In the book Peter Pan by J.M. Barrie, what is the conflict that drives the plot?


Wendy, who is willing to accept the mantle of adulthood, is Peter's opposite. Both are depicted as good characters (the pirates are their evil contrasts) who choose different paths in life. A central dilemma emerges: while the magical and highly imaginative world of childhood is appealing, it is also a world of stasis and repetition. Peter, albeit with more variation, is living the repeated loop life of the main character in the movie Groundhog Day. It may be delightful for Peter, but he experiences no change and growth. Wendy opts for adulthood, which involves responsibility, aging, loss of imagination, and pain, but she is also fully experiencing all the stages of life.


Other conflicts in the story are between Peter and Hook and Hook and the Indians.


One of the central conflicts in the 2003 film of Barrie's work Peter Pan is the challenges Peter undergoes in terms of accepting the responsibility of growing old.  Peter finds himself clinging and demanding to live in his world of make believe, refusing to "grow up."  In such a position, the conflict in inevitable for when feelings develop between he and Wendy, Peter demands such emotions to be seen as "pretend."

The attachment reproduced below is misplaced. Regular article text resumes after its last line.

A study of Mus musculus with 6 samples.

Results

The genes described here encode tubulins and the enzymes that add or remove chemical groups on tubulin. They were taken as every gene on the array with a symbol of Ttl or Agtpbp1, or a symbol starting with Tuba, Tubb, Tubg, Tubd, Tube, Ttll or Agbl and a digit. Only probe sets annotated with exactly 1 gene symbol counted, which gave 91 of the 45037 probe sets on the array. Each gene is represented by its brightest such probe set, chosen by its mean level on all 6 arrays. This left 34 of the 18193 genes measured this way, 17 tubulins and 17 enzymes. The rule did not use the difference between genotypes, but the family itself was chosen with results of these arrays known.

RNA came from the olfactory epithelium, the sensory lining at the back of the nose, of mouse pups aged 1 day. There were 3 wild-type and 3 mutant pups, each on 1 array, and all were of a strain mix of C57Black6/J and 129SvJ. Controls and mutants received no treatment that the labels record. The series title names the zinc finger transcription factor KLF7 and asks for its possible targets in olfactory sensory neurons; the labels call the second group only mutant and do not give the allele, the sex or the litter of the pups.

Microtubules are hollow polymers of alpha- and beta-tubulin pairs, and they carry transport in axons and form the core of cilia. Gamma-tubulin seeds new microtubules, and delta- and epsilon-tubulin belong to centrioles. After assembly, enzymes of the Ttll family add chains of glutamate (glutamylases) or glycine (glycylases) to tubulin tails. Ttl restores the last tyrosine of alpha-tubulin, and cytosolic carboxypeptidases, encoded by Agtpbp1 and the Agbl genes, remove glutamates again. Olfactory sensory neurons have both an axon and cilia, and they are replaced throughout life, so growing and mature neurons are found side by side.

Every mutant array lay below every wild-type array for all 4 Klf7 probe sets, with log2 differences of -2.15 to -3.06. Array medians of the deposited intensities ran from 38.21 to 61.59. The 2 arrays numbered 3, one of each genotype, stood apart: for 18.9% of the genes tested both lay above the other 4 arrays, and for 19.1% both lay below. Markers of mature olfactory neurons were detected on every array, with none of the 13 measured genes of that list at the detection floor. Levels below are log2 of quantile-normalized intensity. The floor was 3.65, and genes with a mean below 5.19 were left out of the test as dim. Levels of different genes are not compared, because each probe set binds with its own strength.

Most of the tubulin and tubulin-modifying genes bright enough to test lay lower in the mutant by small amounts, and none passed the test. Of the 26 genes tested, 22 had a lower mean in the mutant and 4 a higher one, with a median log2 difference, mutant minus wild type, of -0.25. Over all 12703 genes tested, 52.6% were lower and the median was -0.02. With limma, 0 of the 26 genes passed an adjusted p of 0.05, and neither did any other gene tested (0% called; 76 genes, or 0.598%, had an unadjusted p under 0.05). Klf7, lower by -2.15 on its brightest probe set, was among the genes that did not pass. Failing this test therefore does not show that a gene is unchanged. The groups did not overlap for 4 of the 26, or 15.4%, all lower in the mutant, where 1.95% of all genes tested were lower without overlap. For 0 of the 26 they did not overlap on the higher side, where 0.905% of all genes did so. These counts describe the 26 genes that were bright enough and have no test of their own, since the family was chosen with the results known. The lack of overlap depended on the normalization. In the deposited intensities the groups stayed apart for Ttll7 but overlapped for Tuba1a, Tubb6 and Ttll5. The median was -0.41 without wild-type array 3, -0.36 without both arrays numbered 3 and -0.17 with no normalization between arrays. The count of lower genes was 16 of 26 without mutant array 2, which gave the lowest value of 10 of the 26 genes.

The conflict present here is one between individual vs. individual, as Wendy refuses to have her feelings deemed as "make believe."  Throughout the work, Wendy has assumed the responsibility thrust upon her in Neverland as a maternal figure, who takes cares of others and tells stories.  Yet, while Wendy ascends to the demands of maturation, Peter seems to not be willing to accept these conditions.  It is evident that Peter has emotions towards Wendy that indicate his maturation, or "growing up."  Love and emotional commitment are signs of one "growing up" and Peter feels this, yet refuses to accept them as he does not want to have any particular inkling of emotion which indicates that he is growing old.  Hence, another conflict is present, only this time it resides within the individual.